It seems that whoever it is leading the chemical industry lobbying effort on BPA in California deserves a raise and voters should call in the truant officers.
California Assembly Rejects Two Bills on Chemical Bans
An avalanche of lobbying buried two bills in the Assembly on Monday that sought to ban controversial chemicals from fast food containers, microwave popcorn bags and baby bottles.
The measures, Senate Bill 1713 by Sen. Carole Migden, D-San Francisco, and Senate Bill 1313, by Sen. Ellen Corbett, D-San Leandro, were the targets of large and well-heeled "working groups" of lobbyists employed by chemical companies, manufacturers and trade associations.
Corbett's bill sought to prohibit the use of perfluorinated compounds, or PFCs, from food packaging. The compounds, which are used to prevent grease from leaking through bags and wrappers, have already been abandoned by some companies, and the U.S. Environmental Protection Agency has called for a voluntary ban by 2015.
The bill needed 41 votes to be sent back to the Senate, but fell five votes short, with 11 members not voting.
Migden's bill would have banned the use of bisphenol A, or BPA, from containers for children less than 3 years of age, such as baby bottles and "sippie" cups.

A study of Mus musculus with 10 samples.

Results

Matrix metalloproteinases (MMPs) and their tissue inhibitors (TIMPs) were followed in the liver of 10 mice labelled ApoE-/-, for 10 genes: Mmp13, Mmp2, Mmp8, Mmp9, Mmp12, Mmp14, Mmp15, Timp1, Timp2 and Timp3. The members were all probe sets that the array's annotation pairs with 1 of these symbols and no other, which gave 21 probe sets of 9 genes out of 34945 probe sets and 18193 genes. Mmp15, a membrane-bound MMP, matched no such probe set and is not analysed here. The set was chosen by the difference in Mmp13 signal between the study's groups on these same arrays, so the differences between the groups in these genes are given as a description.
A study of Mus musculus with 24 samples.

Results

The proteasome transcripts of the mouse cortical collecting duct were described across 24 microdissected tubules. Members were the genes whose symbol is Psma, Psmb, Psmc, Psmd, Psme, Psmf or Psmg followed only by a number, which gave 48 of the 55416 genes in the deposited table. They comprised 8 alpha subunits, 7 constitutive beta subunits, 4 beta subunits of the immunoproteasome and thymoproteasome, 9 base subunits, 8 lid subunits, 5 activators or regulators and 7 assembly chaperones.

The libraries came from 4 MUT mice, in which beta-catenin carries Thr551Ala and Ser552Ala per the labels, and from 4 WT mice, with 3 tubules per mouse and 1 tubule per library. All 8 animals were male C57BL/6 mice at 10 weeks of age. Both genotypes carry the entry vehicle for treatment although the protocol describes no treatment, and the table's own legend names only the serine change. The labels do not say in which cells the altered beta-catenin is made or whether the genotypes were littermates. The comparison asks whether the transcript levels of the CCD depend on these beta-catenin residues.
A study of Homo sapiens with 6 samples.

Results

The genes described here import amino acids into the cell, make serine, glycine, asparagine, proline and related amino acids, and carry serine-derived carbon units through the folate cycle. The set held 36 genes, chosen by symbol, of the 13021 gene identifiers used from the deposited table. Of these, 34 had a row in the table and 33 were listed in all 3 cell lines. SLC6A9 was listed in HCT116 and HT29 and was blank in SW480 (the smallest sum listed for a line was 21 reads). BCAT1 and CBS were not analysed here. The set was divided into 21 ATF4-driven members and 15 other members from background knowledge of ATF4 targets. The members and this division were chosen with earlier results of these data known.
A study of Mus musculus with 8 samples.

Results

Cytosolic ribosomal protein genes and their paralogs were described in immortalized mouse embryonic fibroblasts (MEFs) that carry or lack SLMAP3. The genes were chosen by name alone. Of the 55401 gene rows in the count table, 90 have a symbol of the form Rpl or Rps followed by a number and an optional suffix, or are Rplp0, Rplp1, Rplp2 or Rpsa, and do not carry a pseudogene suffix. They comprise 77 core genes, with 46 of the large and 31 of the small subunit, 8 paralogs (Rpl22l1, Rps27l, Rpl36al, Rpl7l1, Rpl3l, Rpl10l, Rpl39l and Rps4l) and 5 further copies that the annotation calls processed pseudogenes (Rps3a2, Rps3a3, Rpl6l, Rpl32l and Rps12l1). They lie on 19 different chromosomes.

It died on a 27-to-31 vote, with 22 abstentions. Both bills were granted reconsideration, a legislative term that means they are still on life support.
Proponents of both measures said there was enough evidence to suggest potential health hazards from the chemicals, and that the state should not wait for federal action.
Several legislators also objected to what they called heavy-handed efforts to pressure them to vote no.
Assemblywoman Lois Wolk, D-Davis, held up a brochure that had been distributed in her district that depicted a full grocery bag and suggested none of the contents could be sold if the Migden bill passed.
"None of these would be eliminated from the marketplace," she said. "It is an extremely deceptive tactic, and I think ... we ought not to reward the American Chemical Council by rejecting this bill."
But legislators opposed to the measures, while acknowledging the lobbying effort had been annoying, contended the Legislature lacks the expertise to decide what chemicals are or aren't safe, and that the market was a better judge of what are acceptable levels of risk.
"Just because you have something that can be toxic doesn't make it toxic," said Assemblyman Bob Huff, R-Diamond Bar.